June in El Salvador
In June 2022 as part of my MPH internship, I had the opportunity to spend two weeks with IHELP team members in Texistepeque, El Salvador to implement our Community Health Worker (CHW) trainings in two caserios (small villages) within the municipality of Texistepeque: Bendición de Dios and La Y Griega. IHELP began the Texistepeque caserios partnership to empower local people to become health leaders in their communities. IHELP’s commitment to equipping local health leaders is particularly relevant as it is a rural area with limited access and increased barriers to healthcare. Because of our established relationships with local people in Texistepeque, in addition to a community needs assessment, IHELP worked with community members to identify key health issues affecting their communities most. We taught several topics including taking care of a sick person, taking vital signs, nutrition, diabetes, renal failure, general first aid, respiratory illnesses, and much more.
As an IHELP intern and team member, my role consisted of directly teaching certain health topics, translating, assisting in monitoring and evaluation work, and more. My favorite part of the experience was getting to know community members, and embracing hospitality being welcomed into their lives and realities in rural El Salvador. This experience connected me to IHELP’s approach and mission, that is, to come alongside local community members providing knowledge and tools to improve overall health in their communities.
While engaging in dialogue with CHWs, I was touched hearing what motivated them to participate in our CHW training. One CHW shared with us that “it is never too late to learn or to try something new in life.” I quickly noticed that several women came to be trained as CHWs. Many shared that they wanted to become CHWs to meaningfully serve their communities beyond traditional gender norms in their culture. There was much beauty in accompanying community members genuinely interested in learning about health topics that otherwise would not have access to health education. In El Salvador I witnessed the fruit of IHELP’s empowerment education model: the commitment of CHWs to share the health knowledge they have learned and taking ownership of their community’s health. This will have a sustainable impact on health promotion for years to come.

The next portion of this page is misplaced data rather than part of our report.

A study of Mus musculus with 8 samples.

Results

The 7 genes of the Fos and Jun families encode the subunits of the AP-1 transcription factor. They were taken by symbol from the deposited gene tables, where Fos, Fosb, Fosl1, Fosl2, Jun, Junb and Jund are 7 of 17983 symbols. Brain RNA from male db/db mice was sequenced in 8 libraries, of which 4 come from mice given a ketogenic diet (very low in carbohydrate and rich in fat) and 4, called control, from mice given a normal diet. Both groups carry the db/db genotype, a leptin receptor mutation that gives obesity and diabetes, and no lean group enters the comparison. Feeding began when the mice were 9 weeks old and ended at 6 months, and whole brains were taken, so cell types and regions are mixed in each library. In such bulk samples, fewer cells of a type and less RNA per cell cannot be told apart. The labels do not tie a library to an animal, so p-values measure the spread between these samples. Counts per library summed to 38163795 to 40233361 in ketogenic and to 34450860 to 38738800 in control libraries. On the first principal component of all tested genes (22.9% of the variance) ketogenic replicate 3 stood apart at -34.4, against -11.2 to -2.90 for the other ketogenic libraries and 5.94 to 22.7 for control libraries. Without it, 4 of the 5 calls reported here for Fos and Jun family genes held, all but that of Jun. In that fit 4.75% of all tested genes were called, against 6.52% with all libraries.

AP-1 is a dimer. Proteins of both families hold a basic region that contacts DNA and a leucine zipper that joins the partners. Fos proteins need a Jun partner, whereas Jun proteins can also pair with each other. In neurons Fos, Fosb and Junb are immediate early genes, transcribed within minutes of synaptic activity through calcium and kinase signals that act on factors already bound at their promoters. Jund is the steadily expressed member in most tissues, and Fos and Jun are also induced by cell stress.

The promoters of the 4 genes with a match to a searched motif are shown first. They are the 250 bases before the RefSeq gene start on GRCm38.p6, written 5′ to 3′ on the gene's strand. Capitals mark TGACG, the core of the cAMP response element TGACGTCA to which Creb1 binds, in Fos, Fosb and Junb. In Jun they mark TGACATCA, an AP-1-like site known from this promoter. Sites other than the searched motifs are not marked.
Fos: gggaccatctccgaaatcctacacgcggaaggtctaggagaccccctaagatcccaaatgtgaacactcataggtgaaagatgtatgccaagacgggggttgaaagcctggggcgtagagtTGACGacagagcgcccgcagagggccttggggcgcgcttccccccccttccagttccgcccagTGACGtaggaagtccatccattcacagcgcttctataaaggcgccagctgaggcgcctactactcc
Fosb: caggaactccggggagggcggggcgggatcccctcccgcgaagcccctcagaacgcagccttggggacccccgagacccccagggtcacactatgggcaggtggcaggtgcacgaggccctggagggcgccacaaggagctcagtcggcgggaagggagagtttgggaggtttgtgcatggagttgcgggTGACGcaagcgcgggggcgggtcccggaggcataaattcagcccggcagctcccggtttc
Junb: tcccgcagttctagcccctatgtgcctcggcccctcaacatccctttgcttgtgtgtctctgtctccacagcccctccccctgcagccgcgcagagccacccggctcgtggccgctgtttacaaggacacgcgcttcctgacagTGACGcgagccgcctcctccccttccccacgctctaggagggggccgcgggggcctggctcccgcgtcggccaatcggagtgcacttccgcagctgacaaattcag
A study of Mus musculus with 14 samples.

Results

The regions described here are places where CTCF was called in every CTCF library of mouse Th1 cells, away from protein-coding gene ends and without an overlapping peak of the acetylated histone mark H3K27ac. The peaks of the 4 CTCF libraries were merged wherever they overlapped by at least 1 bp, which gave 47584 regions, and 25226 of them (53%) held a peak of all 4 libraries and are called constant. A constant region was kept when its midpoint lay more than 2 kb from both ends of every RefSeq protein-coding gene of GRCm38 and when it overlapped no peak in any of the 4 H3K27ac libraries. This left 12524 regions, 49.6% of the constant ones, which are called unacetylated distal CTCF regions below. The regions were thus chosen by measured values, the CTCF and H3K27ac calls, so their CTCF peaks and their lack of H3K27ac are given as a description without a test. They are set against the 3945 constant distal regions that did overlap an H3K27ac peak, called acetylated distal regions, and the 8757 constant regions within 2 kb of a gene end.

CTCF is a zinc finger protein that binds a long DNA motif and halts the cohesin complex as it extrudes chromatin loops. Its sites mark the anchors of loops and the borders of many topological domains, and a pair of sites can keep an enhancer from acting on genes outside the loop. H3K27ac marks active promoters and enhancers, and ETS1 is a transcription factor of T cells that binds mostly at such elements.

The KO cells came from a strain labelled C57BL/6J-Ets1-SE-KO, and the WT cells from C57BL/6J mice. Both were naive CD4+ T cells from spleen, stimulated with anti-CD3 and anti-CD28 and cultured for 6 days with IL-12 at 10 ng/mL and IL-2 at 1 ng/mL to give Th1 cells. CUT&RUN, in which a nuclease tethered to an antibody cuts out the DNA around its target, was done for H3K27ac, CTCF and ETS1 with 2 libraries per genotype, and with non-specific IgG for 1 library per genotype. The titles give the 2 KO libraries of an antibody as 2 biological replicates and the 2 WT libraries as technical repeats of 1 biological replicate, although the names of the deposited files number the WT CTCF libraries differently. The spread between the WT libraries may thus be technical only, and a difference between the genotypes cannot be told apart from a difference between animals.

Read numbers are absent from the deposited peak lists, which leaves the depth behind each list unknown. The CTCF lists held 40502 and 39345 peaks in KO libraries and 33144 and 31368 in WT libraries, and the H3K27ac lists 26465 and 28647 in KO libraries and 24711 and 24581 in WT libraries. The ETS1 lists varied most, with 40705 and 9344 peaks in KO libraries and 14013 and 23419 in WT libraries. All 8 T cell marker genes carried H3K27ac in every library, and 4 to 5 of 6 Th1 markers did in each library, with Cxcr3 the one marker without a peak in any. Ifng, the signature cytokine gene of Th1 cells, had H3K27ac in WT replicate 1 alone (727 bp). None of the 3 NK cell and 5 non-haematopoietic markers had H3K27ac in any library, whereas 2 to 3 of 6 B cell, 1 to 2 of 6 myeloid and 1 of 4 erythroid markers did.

Mutuality in Global Health
]Being an IHELP intern, both within the United States and El Salvador, I could not help but reflect on the role of relationship-building and community organizing in Global Health. Partnering with international communities is an immense privilege and opportunity to engage in reciprocal relationships and mutual learning (mutuality). Mutuality proves a powerful path forward in global health to ensure voices are heard of the community members we aim to educate, equip, and empower. If we engage in such relationships at the grassroots level, a bottom up approach (instead of top down programming often seen in the field) takes into account the lived experience of each community member. Even as a capacity building organization offering health training to CHWs, we as trainers and as an organization have much to learn from the CHWs we train. In El Salvador I gained an increased appreciation for this mutuality as I learned so much from CHWs; we all have something to offer and learn from one another, regarding health knowledge and beyond. I conclude with a quote by Brazilian educator Paulo Freire, who wrote in his book Pedagogy of the Oppressed, “Nobody educates anybody else, nobody educates themselves, people educate among themselves mediated by the world.”